I recently cooked brisket and 3 sides or a reception that had 150 invited guests. My first event over 24 people. After much research into catering for a wedding, I discovered that on average only about 75% of invited guests attend. And of those, not everyone likes what's served, so you don't even have to account for 75%. But being my first I wanted to be prepared in case all 150 attended. Well, sure enough, only about 100 (at most) showed up and I had more leftovers than I knew what to do with so I ended up giving briskets and gallons of sides to the immediate family of the bride and groom.
Some things I learned beforehand that served me well. 1) Make easy sides (cold sides are much easier to handle) and sides that appeal to as many people as possible. Based on my research I chose a pasta salad and a baked potato salad since they could easily be made 1-2 days in advance, were served cold, and I had plenty of refrigeration at the venue. I found a southwestern pasta salad that was really good and made Guy Fieri's baked potato salad. Both were a hit, easy to make and easy to transport. I 'outsourced' the beans to a friend and told them they had to manage the temperatures for them since I'd have the single stove covered up. I based the serving quantity on side at 1/4 cup per person. The more sides, the less they'll get of each.
I used the following link to up-size my side recipes. http://www.webstaurantstore.com/recipe_resizer.html
For the briskets, I planned on 1/2 lb per person (uncooked weight to allow for shrinkage). That came to about 8 briskets. I cooked well in advance (2 months out) and over the course of 2 weekends so I didn't over extend myself. I trimmed some fat prior to cooking, then separated the flat and point to clean up some of the fat in between after they were done. I then put the 2 pieces back together and vacuum sealed them - separating them allowed for smaller packaging and placed in the freezer. If you're doing pork butts I'd suggest removing any bone or un-edible fat before vacuum sealing.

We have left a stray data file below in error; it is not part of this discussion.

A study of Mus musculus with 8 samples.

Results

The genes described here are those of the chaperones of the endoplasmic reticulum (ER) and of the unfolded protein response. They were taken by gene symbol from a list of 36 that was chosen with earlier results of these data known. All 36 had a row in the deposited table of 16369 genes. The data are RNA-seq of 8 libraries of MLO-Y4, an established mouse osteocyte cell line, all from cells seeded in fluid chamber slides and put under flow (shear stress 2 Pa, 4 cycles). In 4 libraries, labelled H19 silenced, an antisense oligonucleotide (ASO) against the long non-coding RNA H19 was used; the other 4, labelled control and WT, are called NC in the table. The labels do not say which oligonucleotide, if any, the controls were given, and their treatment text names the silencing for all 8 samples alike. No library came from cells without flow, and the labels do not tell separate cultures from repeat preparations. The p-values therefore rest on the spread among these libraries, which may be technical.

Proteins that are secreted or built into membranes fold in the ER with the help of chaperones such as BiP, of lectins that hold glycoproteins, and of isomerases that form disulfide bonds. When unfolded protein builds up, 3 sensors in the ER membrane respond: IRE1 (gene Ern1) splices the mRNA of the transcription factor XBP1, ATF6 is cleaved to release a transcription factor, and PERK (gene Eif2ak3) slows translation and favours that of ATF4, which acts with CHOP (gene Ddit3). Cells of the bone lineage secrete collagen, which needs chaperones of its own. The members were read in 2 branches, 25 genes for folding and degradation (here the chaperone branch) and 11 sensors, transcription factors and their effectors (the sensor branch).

4 days prior to the reception, I put the briskets in the refrigerator to begin thaw. To heat up for the reception and starting 5 hours prior to the event, I used 2 large canning cookpots that would hold 3 briskets each, heated on med heat for about 2 hrs maintaining water temp at abouto 150 to 160 (must be above 140). Pulled them, put them in a cooler and covered in towels to maintain temp, then did the same for the last 2.
I waited until the last minute to pull from the cooker, slice, and put on a warming tray since I wanted to be sure to serve them at optimum moistness, temp, etc.
Create a schedule of every event, time, etc you have to do on the prep, cook and especially for the wedding day.. I even scheduled when I was going to costco for supplies 2 months prior. Create a task list and assign others to assist and make sure they know when, what, etc and that failure or lateness is not an option.
Get help on the serving. We ended up hiring workers from the venue to serve, which meant I just had to heat the meat, slice it and hand it over to them. They took care of all the sides and drinks (oh yeah, I had to buy drinks too). If you're having friends or family help serve are participate, assign them exactly to what you want them to do (ie you're responsible for serving side #1 and assisting with filling glasses with tea). Assign someone to supervise them to make sure they're not ganging up in one area or playing with their phones.
Other than all that, it was a piece of cake. My even was for my step-daughter and her to-be husband and it turned out really great. The bride and groom especially liked all the leftovers I gave them.